There’s something about exploring faraway regions that enriches a life – personally and creatively. That’s what Joel Crichton learned during a recent overseas trek that took him from France, Spain and Portugal to such culturally rich cities as Rome and Prague.
Crichton, who hails from Calgary and now calls Edmonton home, completed the theatre studies program at Red Deer College in 2006. He went on to graduate from the University of Alberta’s BFA acting program in 2009.
Besides being a tremendous actor, he’s also been playing music for Rapid Fire Theatre since the fall of 2007. He also has worked as composer/musical director/sound designer for a number of productions.
Crichton, 25, penned a play born from his overseas experiences, and is the sole performer in the production as well. Staged by Ignition Theatre, Divide runs March 22-25 in the Nickel Studio. Doors open at 7 p.m. with curtain at 7:30 p.m.
There is also a matinee on March 25 at 2 p.m.
Back in September, Crichton left France on a journey to Santiago de Compostela, Spain. The famous route he took, called ‘The Way of St. James’, was used by pilgrims in medieval times to visit the site of St. James’ burial. These days, people embark on the journey for all sorts of reasons, explains Crichton. Some use the time to reflect on life decisions, to enrich their sense of spirituality or to reflect.
For Crichton, he was at something of a crossroads and had pretty much decided he wanted to quit acting. He wanted to think about moving away from various other projects of an artistic nature, even considering a return to school to study engineering. And even though he was on his own, it’s the kind of journey where it’s easy to connect with other travelers.
“That was the most interesting part. People are there for some sort of purpose, so you have these really deep conversations quite quickly. And with that much time for meditation and reflection, you really learn about yourself.”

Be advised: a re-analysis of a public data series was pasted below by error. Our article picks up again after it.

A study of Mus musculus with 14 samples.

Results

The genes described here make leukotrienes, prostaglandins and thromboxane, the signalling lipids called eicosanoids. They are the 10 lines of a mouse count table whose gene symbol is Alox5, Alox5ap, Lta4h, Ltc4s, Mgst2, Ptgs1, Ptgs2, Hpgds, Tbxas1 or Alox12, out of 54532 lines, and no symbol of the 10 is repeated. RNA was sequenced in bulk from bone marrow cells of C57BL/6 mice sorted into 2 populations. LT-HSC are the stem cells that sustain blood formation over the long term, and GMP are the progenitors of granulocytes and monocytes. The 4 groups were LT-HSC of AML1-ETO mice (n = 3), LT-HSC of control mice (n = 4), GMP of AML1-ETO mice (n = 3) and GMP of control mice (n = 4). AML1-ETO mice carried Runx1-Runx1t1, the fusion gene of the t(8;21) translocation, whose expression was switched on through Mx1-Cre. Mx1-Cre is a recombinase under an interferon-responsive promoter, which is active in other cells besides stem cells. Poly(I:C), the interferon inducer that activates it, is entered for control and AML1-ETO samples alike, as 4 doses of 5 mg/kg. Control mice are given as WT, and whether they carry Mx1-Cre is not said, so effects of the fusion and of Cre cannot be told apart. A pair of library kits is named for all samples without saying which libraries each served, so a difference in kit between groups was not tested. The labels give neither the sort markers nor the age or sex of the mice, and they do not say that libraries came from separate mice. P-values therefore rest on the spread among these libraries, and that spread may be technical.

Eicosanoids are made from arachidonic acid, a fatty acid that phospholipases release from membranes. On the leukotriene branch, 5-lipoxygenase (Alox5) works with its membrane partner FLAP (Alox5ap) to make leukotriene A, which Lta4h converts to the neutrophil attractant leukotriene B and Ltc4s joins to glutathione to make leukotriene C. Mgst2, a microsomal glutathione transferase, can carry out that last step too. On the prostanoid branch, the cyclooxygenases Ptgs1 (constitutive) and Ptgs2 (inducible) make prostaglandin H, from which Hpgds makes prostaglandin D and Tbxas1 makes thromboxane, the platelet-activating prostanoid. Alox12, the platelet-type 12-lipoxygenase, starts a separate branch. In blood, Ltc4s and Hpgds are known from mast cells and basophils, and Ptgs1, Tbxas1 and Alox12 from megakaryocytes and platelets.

Upon arrival in Santiago, he decided to continue onto Portugal. The adventure continued with a fascinating albeit challenging stint onboard a tall ship which was bound for the Canary Islands. The days were full – Crichton helped with everything from ship maintenance and steering to cooking.
He later spent some time at Cape Verde, off the coast of Senegal. As Christmas approached, he flew to Rome to spend the season with his mom. Then it was off to Germany, then to Prague and Crichton ended his trip with visits to Vienna and Salzburg, Austria.
It was during his last day in Europe he penned the first draft of Divide. He has been writing bits of the script throughout his trip, but finally the pieces came together for the very personal story.
Divide, directed by Beau Coleman, consists of three characters telling their own stories, and Crichton plays each part. During the first part he covers a trip to the West Coast Trail and his experiences in Prague – all told from his own perspective as the ‘Joel’ of today.
Part two is told from the perspective of his son some 30 years in the future who has embarked on a pilgrimage to the Vatican along the route to Santiago. But it’s a bleak world, having been ravaged by climate change, conflict and food shortages.
Finally, we meet Joel’s granddaughter whose story occurs another 30 years down the road. She’s on a scientific pilgrimage on a ship, but has other personal issues to face. That’s the case with each character. As Crichton explains, they are all searching for something but they are each running away from situations as well.
Clearly, Crichton has had a change of heart about acting. “With the time for reflection and being so emotionally open and present with people, I thought maybe there is a reason to continue acting.”
Meanwhile, he is excited to bring his latest offering to Red Deer.
“This show is personal; it’s about me. And Red Deer is very much a part of me. I studied at RDC for two years, and have come back almost every year since to either act in one of Ignition’s shows or do one of my own,” he says. “I am also excited, because I know that Divide will be a show unlike any that has ever been seen here. It’s not quite a play, though there are play-like elements in it; nor is it straight storytelling.
“The best description I can give is that it is an inter-disciplinary piece that involves song, storytelling, several characters, adventure, love, fear and desperation.”
For more information and tickets, check out www.ignitiontheatre.ca.